4 Things to Avoid After Dental Implant Surgery

4 Things to Avoid After Dental Implant Surgery

Dental implants are exceptionally strong and make excellent replacements for missing teeth. Made from small, titanium posts, dental implants are placed into the jawbone to act as artificial tooth roots. As they heal, they fuse with the surrounding bone in a process called osseointegration. This process is what gives dental implants their strength and allows them to support different types of dental prosthetics. 

The type of dental prosthetic used in coordination with a dental implant will depend upon the number of missing teeth, as well as the overall treatment goals. Dental implants can support dental crowns, bridges, or dentures. Additionally, dental implants can also be used for full mouth rehabilitations, which are accomplished by using all-on-four implants. All-on-four implants use four dental implants strategically placed to support an entire arch of fake teeth. 

Although treatments like all-on-four implants may give you teeth in a day, dental implants will need some time to heal after they are placed. In fact, dental implants are not that strong until they have begun to fuse with the surrounding bone. Therefore, after implant surgery there are a few things you will want to avoid to ensure that your implants heal successfully. These include: 


For about a month after dental implant surgery you will want to avoid using mouthwash. In the days immediately following surgery, you will also want to avoid spitting or swishing vigorously because this can irritate the surgical site. Instead of using mouthwash, your implant dentist may recommend a prescription mouthwash or they may have you rinse with saltwater. Saltwater rinses are made by using 1 part salt to 3 parts water. Rinsing your mouth with saltwater will keep your mouth clean and will soothe any irritation in the mouth. 

Electric Toothbrushes & Waterflossers

While electric toothbrushes and waterflossers are generally recommended for daily oral hygiene, you will need to avoid using them for a few days following your implant surgery. This is because it is important to gently brush for the first few days to prevent damaging the surgical site. It is easier to control the pressure and speed of a traditional toothbrush than it is for an electric toothbrush. Once your mouth has begun to heal, your dentist will advise you on when to start using these tools again.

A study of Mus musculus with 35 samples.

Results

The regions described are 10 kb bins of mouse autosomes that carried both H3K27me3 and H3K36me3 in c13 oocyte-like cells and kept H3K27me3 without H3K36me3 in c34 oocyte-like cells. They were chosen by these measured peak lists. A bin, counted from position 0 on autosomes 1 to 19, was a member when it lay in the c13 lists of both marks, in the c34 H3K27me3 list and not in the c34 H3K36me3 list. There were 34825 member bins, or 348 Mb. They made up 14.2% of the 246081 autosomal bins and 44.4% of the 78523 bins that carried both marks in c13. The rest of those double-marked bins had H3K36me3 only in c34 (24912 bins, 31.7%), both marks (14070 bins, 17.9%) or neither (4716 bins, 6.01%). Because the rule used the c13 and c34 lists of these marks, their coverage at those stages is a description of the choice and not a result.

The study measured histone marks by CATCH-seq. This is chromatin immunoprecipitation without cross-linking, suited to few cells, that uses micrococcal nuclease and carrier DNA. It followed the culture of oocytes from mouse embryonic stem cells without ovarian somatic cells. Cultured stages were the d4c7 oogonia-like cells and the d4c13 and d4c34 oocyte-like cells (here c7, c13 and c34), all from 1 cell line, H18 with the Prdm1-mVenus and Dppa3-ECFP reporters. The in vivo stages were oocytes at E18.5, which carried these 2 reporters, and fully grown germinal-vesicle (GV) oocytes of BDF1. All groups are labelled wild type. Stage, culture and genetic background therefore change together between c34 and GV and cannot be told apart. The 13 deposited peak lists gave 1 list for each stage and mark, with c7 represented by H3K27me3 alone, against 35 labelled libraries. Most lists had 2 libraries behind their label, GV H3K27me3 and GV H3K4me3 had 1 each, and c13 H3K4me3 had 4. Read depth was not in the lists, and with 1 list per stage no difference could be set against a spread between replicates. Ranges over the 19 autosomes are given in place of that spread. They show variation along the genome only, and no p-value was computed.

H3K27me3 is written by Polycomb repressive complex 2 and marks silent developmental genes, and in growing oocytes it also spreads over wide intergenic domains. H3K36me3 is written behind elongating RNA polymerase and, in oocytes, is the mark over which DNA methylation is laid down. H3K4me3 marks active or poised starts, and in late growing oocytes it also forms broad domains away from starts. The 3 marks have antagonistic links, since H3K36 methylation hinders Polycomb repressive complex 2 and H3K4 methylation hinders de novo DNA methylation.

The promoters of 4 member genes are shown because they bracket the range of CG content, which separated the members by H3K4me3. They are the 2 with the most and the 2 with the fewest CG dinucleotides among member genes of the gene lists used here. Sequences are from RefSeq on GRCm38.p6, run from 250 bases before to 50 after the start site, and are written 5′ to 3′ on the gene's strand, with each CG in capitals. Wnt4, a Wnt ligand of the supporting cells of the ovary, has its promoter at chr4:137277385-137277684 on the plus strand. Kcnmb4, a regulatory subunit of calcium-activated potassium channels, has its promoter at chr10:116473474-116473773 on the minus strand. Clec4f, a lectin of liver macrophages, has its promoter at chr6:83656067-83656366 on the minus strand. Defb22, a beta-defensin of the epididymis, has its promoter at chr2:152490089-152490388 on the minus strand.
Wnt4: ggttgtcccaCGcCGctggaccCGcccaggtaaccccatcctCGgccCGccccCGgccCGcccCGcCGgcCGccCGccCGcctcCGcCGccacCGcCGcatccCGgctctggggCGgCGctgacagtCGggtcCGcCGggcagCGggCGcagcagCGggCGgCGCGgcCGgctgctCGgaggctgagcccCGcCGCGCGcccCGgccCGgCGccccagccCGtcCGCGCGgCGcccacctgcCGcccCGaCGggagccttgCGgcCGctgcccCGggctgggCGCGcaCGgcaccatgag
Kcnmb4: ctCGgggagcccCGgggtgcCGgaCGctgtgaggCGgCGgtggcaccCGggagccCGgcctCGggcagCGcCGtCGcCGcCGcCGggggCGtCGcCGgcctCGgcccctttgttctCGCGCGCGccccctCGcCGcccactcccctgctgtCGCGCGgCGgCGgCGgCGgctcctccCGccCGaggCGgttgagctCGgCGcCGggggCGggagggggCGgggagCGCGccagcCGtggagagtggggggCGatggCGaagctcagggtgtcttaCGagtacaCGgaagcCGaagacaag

Certain Foods

To ensure that your dental implant will heal properly, your dentist will put you on a temporary soft foods diet. This naturally means that you will need to avoid any foods that are hard, chewy, sticky, or that can fragment into sharp pieces. In the days following your procedure, you should also avoid acidic or spicy foods that can irritate your surgical site, as well as warm or hot foods since this can cause excess bleeding. As your mouth begins to heal, your dentist will gradually allow you to eat slightly harder foods. 


Unfortunately, these three substances have been found to have a negative effect on the healing process and it is strongly encouraged that you avoid them for the best treatment outcomes. If you smoke, it is recommended to not smoke for the first two months after surgery because nicotine constricts blood vessels and can cause the implant to fail. You should also abstain from alcohol for a minimum of 72 hours after surgery because alcohol slows down blood vessel formation, and consequently, osseointegration. Caffeine should also be avoided in the first three weeks after surgery because it is known to cause bleeding and slow healing. 

Dr. Roman Fedorciw has been in private practice in Cromwell since 1991. He is a member of the Academy of General Dentistry, American Academy of Cosmetic Dentistry and the American Dental Association. He is also a member of the Connecticut Dental Association and Middlesex County Dental Association. Dr. Fedorciw has been acknowledged by his peers as one of the “Top Dentists” in Hartford County by Hartford Magazine and in the state of Connecticut by Connecticut Magazine.